By on May 1, 2012 at 3:39 pm

Before Ryan Tannehill made a meteoric rise at Texas A&M, he starred at quarterback for Big Spring High School.

His high school coach, Nick Holt, joined The Finsiders to talk about what it was like to coach Tannehill and whether he knew he was destined to play in the NFL.

Due to Holt’s coaching philosophy and Big Spring’s offensive personnel, Tannehill didn’t have too many opportunities to throw in high school. The winged-T offense that he ran emphasized ball control by keeping it on the ground. Holt remembers, though, one of the first times he knew that Tannehill was a special passer. During one of Big Spring’s biggest games, Tannehill dropped back to pass and fired the ball to a receiver running a backside curl.

“It was on such a bullet that you knew there  something special was there,” Holt said. “Here’s this kid, 6-foot-3-and-half, I’d seen him really run well, and then here he is throwing this bullet. And he’s almost a straight-A student. It didn’t take rocket science to figure out what this kid was potentially capable of.”

By now, everyone knows that Tannehill didn’t play quarterback for Texas A&M until midway through his junior season. His first action at receiver, however, did not come in College Station. While he was nursing a shoulder injury at Big Spring, Tannehill moved outside to try to help the team.

“He could play, but he couldn’t actually raise his arm up,” Holt said. “He was out busting his tail to try to to turn around the defensive backs. He got so much pride in it. Everything he does, he’s so meticulous.”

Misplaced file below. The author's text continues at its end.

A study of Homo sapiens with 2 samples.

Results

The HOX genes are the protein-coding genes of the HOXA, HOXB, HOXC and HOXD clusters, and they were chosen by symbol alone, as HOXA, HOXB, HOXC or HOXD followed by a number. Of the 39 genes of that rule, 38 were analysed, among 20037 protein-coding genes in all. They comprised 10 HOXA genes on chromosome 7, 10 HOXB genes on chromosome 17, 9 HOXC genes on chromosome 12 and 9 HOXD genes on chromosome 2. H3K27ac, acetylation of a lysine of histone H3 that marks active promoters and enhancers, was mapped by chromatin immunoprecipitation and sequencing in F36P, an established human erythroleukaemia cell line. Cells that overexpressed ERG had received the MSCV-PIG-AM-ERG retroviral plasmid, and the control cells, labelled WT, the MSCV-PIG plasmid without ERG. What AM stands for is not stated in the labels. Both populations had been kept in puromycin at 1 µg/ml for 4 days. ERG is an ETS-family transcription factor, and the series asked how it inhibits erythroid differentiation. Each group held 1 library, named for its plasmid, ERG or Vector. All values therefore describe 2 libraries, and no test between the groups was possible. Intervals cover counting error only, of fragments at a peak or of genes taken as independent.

Tannehill isn’t the first Big Spring graduate to make it to the NFL. The short list also includes former Miami Hurricanes tight end Bubba Franks, who was a three-time Pro Bowl selection for the Green Bay Packers. Though he’s since moved on from the school, Holt said that his experience coaching Tannehill could be used as an example for his current players. Tannehill, too, went through two-a-days in the Texas heat and performed in the same types conditioning drills that Holt puts his players through now.

“It’s a great sense of affirmation for our kids and our parents,” Holt said. “It’s an affirmation that the types of things we do, that kids can do, and what happened to Ryan could be possible.”

The blend of athleticism, size and intelligence that made Tannehill attractive to Jeff Ireland, Holt said, were things he saw in the young quarterback when he coached him.

“All these things on paper that you look for were things that I saw in him,” Holt said. “He was tall. He was strong. He really hadn’t lifted a lot, and in about a year and a half he was power-cleaning close to 300 pounds.”